Rules are comfortable. They set expectations. Identify a pattern and then apply the steps the rule describes.
Rules help us set expectations. They define the pattern and inform us of the steps we need to take to meet that expectation. But, depending on the context, there may be exceptions. But, these exceptions shouldn’t damage the principles behind our rules.
Here’s an example to help illustrate the difference between principles and rules:
Two students at college share a room. They talk:
- Student 1: Hey, is there anything I can do to help you study?
- Student 2: Noise bothers me; silence would help.
- Student 1: But I can’t stay silent the entire time.
- Student 2: Ok, so how about being silent from 14h to 18h; that should be enough to help me learn.
Rule: From 14h to 18h.
When coding, we often focus on the rules of writing quality code and forget the goals and principles that drive those rules.
Another concept displayed in this story is the goal (in this case, learning). In software development, our goals might include readability, portability, robustness, security, or even just working code that solves the intended problem. When coding, we often focus on the rules of writing quality code and forget the goals and principles that drive those rules.
In the 1990s, two prominent people, one from MIT and another from Berkeley (but working on Unix), met to discuss operating system issues. The person from MIT was interested in how Unix solved the PC loser-ing problem – how they managed interrupts that they can’t hold or mask when a user program invokes a system call to perform a prolonged operation.
Without seeing any code, The person from MIT asked the person from Berkeley how they handled the problem. The person from Berkeley said that the team at Unix was aware of the problem, and the solution was to let the system routine finish. Sometimes it would return an error code that signaled that the system routine had failed to complete its action. Then, a correct user program checked the error code to determine whether to try the system routine again.
The person from MIT didn’t like this solution because it wasn’t “right.” The person from Berekely said that the Unix solution was right because the design philosophy of Unix was simplicity and that the right thing was too complex. Besides, programmers could easily insert this extra test and loop. The person from MIT pointed out that the implementation was simple, but the interface to the functionality was complex. The person from Berkeley answered that Unix had selected the right trade-off – namely, implementation simplicity was more important than interface simplicity. You can find more about this story in Gabriel’s and Raymond’s texts.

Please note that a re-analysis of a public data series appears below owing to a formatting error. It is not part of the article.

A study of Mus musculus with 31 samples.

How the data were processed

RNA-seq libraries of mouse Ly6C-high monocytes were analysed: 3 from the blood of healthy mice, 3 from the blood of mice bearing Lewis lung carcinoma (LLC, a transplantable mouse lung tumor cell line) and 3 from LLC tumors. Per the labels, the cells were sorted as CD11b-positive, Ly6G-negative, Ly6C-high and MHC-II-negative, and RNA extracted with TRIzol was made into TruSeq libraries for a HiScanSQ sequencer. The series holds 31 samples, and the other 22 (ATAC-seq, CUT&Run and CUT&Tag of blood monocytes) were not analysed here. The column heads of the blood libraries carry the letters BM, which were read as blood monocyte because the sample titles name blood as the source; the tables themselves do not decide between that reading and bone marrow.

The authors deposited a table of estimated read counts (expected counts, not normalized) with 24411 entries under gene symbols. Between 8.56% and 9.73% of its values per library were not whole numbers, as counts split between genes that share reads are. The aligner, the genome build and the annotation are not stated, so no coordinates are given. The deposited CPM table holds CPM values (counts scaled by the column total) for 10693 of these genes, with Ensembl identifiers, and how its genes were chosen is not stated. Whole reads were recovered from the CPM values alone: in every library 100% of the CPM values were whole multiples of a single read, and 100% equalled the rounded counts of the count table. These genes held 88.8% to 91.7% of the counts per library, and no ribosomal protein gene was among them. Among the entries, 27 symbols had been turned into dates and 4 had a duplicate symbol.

In his book, Refactoring, Martin Fowler defines refactoring as “a change made to the internal structure of software to make it easier to understand and cheaper to modify without changing its observable behavior.” This definition states that the resulting code should be “easier to understand and cheaper to modify,” but what if the goal we’re seeking is to increase modularity or improve performance?
While providing many examples of refactorings, which, in themselves, are good examples of rules but, applying rules to your codebase without understanding why you’re applying them could be taking you further away from your goal. It is worth noting that while the book provides examples of how to get from A -> B and B -> A, Fowler leaves it to the reader to decide which is better.
Other good resources that I’ve found for learning more about the value of principles include the book: The Art of Unix Programming (it calls them rules, but they’re essentially principles), like the Principle of Optimization: Prototype before polishing, and the Principle of Composition: Design programs to be connected with other programs. SOLID is another good example of principles (at least the SOD part). For tests, I like BDD (behavior-driven development). BDD is often described as a rule – to write tests in the form of GIVEN, WHEN, THEN. But from this rule, we can extract the principle of writing tests as Finite State Machines, i.e., make clear the initial state of the test, the action transitioning one state to another, and the expected state after this action.
There is, of course, the classic Design Patterns. It has good rules for what to do when you see a code outlining a certain pattern, and there are also good examples in how to apply the Design Patterns with simple functions. But, the question is, what’s the goal in using the Design Pattern? What do we want to accomplish with it? Is it a more readable code or a better generalization? If we reach the same goal using just functions and the solution is simpler, why wouldn’t we do that? The programming language may restrict us, but it’s possible to work with high-order functions nowadays in object-oriented languages. In languages like Clojure, which are known to be functional, you can choose to follow a stateful or object-oriented style, so it falls to the developer and the team to assess the context of the rule and their principles to decide what approach to use.
So, with so many principles and even more rules available, how do we choose the right ones to prioritize? Developers and stakeholders should decide on their goals and establish what principles are most important to them. The statement that a code pattern or rule is right or wrong should be viewed cautiously. Start with “why” and think about the driving principles, then you’ll be better suited to assess it and decide if it solves your problem.